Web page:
The Canada Revenue Agency (CRA) is offering $2,000/month in COVID-19 benefits to Canadians above 15 if they earned $5,000 in 2019 or 2020 in working income. One of the most popular benefits is the Canada Recovery Benefit (CRB). But the CRA deducts a 10% withholding tax from the benefit. The CRA is changing the benefit as the pandemic situation develops. In the latest development, it has extended the CRB by 12 weeks.
All you need to know about the CRB extension
The CRA is giving out the CRB if you lost your job or got a pay cut because of the pandemic. But you will fall through the cracks if you voluntarily quit your job or took a pay cut. Hence, be wary if your employer asks you to voluntarily quit, as you might not get the CRB.
The CRA wants you to search for a job and follow the government’s travel ban. This means it will reject your CRB if you are in the 14-day quarantine after international travel.
Initially, the CRA allowed every qualified Canadian to get up to $900 in CRB for a period of two weeks for up to 26 weeks. These 26 weeks, or 13 periods, should fall between September 27, 2020, and September 25, 2021. This means you could get up to $11,700 after tax in the CRB
But in February, the Justin Trudeau government extended the CRB by 12 weeks to 38 weeks. This means you can claim the CRB for 19 periods of two weeks each. This period ends on September 25, unless the government extends the CRB period. After the extension, every eligible Canadian can get up to $17,100 in CRB.
How to claim the maximum CRB
The CRB lasts for 26 periods, and 12 periods have already passed, leaving only 14 periods. If you have not claimed the CRB, despite meeting the requirements, you can do so now and get the benefit for 18 periods ($16,200).
The CRA opens the application window for every CRB period on the following Monday and keeps it open for 60 days. As of the writing, the CRB application window from the ninth period (January 17-30) is open till March 31. You can make a retroactive claim for this period if you meet all the requirements.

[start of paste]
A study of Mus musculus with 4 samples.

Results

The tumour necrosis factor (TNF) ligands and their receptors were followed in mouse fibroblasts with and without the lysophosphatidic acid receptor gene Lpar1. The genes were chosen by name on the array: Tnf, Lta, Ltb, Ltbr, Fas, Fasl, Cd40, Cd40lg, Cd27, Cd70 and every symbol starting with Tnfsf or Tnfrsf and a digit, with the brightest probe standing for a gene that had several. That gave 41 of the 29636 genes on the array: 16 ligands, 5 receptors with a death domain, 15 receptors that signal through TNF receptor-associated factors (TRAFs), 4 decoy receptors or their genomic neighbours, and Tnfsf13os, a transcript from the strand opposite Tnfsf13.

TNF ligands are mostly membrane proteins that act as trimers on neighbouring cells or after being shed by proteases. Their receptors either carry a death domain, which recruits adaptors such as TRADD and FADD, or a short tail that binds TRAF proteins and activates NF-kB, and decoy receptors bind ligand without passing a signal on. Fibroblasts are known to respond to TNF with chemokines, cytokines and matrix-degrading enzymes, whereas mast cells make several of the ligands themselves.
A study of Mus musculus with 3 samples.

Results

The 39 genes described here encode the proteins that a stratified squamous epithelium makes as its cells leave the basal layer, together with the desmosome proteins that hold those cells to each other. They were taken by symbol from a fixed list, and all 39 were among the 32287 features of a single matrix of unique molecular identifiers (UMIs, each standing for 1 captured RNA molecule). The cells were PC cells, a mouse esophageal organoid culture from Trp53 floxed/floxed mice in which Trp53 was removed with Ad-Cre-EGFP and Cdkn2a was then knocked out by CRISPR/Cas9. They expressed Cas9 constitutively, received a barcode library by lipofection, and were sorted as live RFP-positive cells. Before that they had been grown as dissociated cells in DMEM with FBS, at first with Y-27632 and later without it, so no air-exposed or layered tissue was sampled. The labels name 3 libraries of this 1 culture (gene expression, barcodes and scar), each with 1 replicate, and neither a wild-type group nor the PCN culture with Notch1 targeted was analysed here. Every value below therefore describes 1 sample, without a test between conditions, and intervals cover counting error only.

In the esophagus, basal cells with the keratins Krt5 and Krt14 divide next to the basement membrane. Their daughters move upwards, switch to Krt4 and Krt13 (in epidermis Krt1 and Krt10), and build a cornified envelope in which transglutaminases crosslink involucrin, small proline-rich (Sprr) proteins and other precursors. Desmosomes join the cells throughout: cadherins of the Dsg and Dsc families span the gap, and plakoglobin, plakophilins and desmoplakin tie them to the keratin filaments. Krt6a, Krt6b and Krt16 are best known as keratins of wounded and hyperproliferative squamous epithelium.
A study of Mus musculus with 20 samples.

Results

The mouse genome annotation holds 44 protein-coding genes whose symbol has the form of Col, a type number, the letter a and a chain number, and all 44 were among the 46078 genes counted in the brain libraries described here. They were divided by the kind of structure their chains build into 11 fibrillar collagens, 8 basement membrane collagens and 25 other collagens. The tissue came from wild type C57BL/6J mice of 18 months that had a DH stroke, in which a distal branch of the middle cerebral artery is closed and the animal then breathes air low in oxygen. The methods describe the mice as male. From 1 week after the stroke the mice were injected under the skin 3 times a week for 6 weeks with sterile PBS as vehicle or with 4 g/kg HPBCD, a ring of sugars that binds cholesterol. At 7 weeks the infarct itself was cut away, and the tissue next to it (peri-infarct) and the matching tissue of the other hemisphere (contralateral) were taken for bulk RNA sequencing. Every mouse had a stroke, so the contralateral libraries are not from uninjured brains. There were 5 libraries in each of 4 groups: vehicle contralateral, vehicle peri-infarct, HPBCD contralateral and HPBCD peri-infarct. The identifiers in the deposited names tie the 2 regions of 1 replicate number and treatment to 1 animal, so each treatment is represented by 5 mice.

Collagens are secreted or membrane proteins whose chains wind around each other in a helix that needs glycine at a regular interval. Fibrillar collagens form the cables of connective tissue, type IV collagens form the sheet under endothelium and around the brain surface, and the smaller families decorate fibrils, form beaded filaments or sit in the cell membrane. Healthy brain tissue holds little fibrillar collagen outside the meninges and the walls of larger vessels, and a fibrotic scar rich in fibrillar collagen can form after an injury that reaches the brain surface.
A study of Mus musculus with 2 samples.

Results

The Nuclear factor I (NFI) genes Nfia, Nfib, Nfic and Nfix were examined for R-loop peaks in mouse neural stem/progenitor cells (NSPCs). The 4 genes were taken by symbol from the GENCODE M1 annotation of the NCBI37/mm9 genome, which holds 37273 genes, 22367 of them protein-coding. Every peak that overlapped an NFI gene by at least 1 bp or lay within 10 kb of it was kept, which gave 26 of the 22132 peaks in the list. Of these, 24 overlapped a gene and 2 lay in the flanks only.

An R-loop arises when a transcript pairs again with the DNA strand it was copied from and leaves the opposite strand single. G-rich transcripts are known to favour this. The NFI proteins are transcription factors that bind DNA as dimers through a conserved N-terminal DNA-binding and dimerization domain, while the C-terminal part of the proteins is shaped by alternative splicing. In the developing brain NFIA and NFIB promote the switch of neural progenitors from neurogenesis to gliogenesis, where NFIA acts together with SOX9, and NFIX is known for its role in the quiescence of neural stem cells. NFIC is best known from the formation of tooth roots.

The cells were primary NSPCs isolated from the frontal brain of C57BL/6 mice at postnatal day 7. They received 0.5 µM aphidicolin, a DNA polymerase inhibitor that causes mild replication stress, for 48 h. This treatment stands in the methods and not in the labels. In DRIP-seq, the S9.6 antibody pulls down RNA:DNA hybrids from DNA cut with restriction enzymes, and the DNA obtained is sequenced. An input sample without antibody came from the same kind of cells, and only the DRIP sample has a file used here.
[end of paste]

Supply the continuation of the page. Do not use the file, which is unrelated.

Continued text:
If you didn’t apply for the benefit over fear that the CRA will claw it back, then you can rest assured. The CRA won’t touch your CRB until your 2021 income, excluding the CRB, crosses $38,000. This means you won’t face a clawback up to an income of $55,100 after, including the maximum CRB.
Make your CRA benefits last for a lifetime
The $17,100 CRB will add $2,565 to your 2021 federal tax bill. Your CRB can earn its tax bill and share the burden of your future taxes if used wisely. During the 18 periods you claim the benefit, put $200 from every $900 CRB payment in your Tax-Free Savings Account (TFSA). In 18 periods, you will accumulate $3,600.
You can divide this money into growth and dividend stocks. One stock that gives you the best of both worlds is BCE (TSX:BCE)(NYSE:BCE), the largest telecom operator in Canada. The company has survived several crises, heavy expenditure, and consolidation. Today, it is operating one of Canada’s largest 4G LTE networks at 42% adjusted EBITDA.
The next-generation communication of 5G is multifold bigger than the 4G LTE. BCE has been paying dividends since 1983 and has been increasing them at a compounded annual growth rate (CAGR) of 7.1% for 12 years. In 2021, it increased its dividend per share by 5.1%. This is because its growth was impacted by the pandemic, and it accelerated capital spending to expand its 5G footprint. But once the 5G growth starts reflecting in the revenue, it might accelerate its dividend growth.
At present, BCE stock has a dividend yield of 6.09%, which means $1,500 will earn you $90 in annual dividends. If the company increases the dividend at a 6% CAGR, your dividend income will grow to $155 by 2030. This growing TFSA dividend will be tax-free and help you with your future tax bills.
This article represents the opinion of the writer, who may disagree with the “official” recommendation position of a Motley Fool premium service or advisor. We’re Motley! Questioning an investing thesis — even one of our own — helps us all think critically about investing and make decisions that help us become smarter, happier, and richer, so we sometimes publish articles that may not be in line with recommendations, rankings or other content.